The ability to store energy to be used when needed is an essential enabling part of the renewable energy infrastructure. Even being able to shift solar supply by a few hours from peak production (at the middle of the day) to peak demand (late afternoon) can save utilities from turning on expensive peaker plants and burning coal or natural gas.
Electrical Energy Storage
Batteries are currently too expensive and often unable to provide high enough energy or power density to be widely deployed for electrical storage. Advances in materials, and components and at the systems level could rapidly accelerate innovation in this space.
Caltech Professors Robert Grubbs, Brent Fultz, William Goddard, Michael Hoffmann, Thomas Miller, and Julia Greer are among the group studying materials and processes that make electricity storage work. They are designing new electrode materials and studying the interactions between the chemical reactions that drive performance and the mechanical properties that determine the weight and lifetime of systems. The Caltech teams also have active collaborations with the engineers at JPL with unprecendented capabilities for building battery systems that work in harsh remote environments of space and other planets.
Resnick Fellow Michael Webb, advised by Professors Thomas Miller and Zhen-Gang Wang is working toward developing computational methods for the design of enhanced electrolyte solvents in rechargeable batteries. It is a critical problem that even with state-of-the art Lithium ion batteries the electrolyte solvent is typically a flammable mixture of alkyl carbonates. This hazard not only hinders mainstream integration in the transportation industry, but it also virtually eliminates the possibility of using such batteries in grid storage applications. By answering unresolved questions related to ion transport, Mike’s research aims to mitigate many of the safety and performance issues that prevent the use of secondary batteries in high-energy content applications.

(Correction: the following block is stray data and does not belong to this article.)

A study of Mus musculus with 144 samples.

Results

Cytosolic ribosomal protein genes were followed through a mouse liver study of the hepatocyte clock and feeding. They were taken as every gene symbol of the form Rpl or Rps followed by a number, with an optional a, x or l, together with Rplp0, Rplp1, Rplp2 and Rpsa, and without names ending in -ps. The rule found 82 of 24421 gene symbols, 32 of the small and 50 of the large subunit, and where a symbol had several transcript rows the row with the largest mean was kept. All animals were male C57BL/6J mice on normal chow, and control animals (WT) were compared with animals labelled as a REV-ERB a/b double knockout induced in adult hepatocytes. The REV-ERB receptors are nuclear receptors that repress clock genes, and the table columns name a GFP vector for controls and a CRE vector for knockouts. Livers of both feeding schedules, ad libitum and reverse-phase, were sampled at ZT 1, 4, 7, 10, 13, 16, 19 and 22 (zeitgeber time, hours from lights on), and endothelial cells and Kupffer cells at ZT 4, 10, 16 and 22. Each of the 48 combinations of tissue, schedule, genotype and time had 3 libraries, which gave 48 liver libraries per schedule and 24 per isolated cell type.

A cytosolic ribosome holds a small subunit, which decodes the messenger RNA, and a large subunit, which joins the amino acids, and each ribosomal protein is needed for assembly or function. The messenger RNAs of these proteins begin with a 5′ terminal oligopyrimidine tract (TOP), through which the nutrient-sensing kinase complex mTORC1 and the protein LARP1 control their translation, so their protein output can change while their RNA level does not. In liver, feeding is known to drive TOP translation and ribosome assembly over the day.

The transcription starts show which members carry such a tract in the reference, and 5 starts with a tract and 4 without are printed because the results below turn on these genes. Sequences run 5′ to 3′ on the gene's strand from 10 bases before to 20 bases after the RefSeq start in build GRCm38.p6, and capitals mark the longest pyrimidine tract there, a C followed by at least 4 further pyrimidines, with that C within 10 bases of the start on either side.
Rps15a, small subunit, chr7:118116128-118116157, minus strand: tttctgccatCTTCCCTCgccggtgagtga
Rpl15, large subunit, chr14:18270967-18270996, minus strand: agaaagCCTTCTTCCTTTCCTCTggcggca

Hydrogen is identified as a key player in the sustainable energy economy because it has the potential to provide energy with few environmental impacts. It may also be used as an energy storage medium. However, storing hydrogen is challenging because it is the lightest chemical element and has a very low energy density per unit volume. Conventional storage methods are energy intensive, hence researchers are looking at storage in solids and liquids.
At Caltech, Professors Brent Fultz and Theo Agapie study materials that store hydrogen. Fultz’s recent work includes measuring thermodynamic properties of hydrogen absorption on materials with high surface area and measuring hydrogen gas at high pressures.
Fultz and Agapie advised former Resnick Fellow David Abrecht in his research that focused on the thermodynamic properties of organometallic dihydrogen complexes for hydrogen storage applications. His findings revealed thermodynamic trends that could be useful for the rational design of new hydrogen storage materials.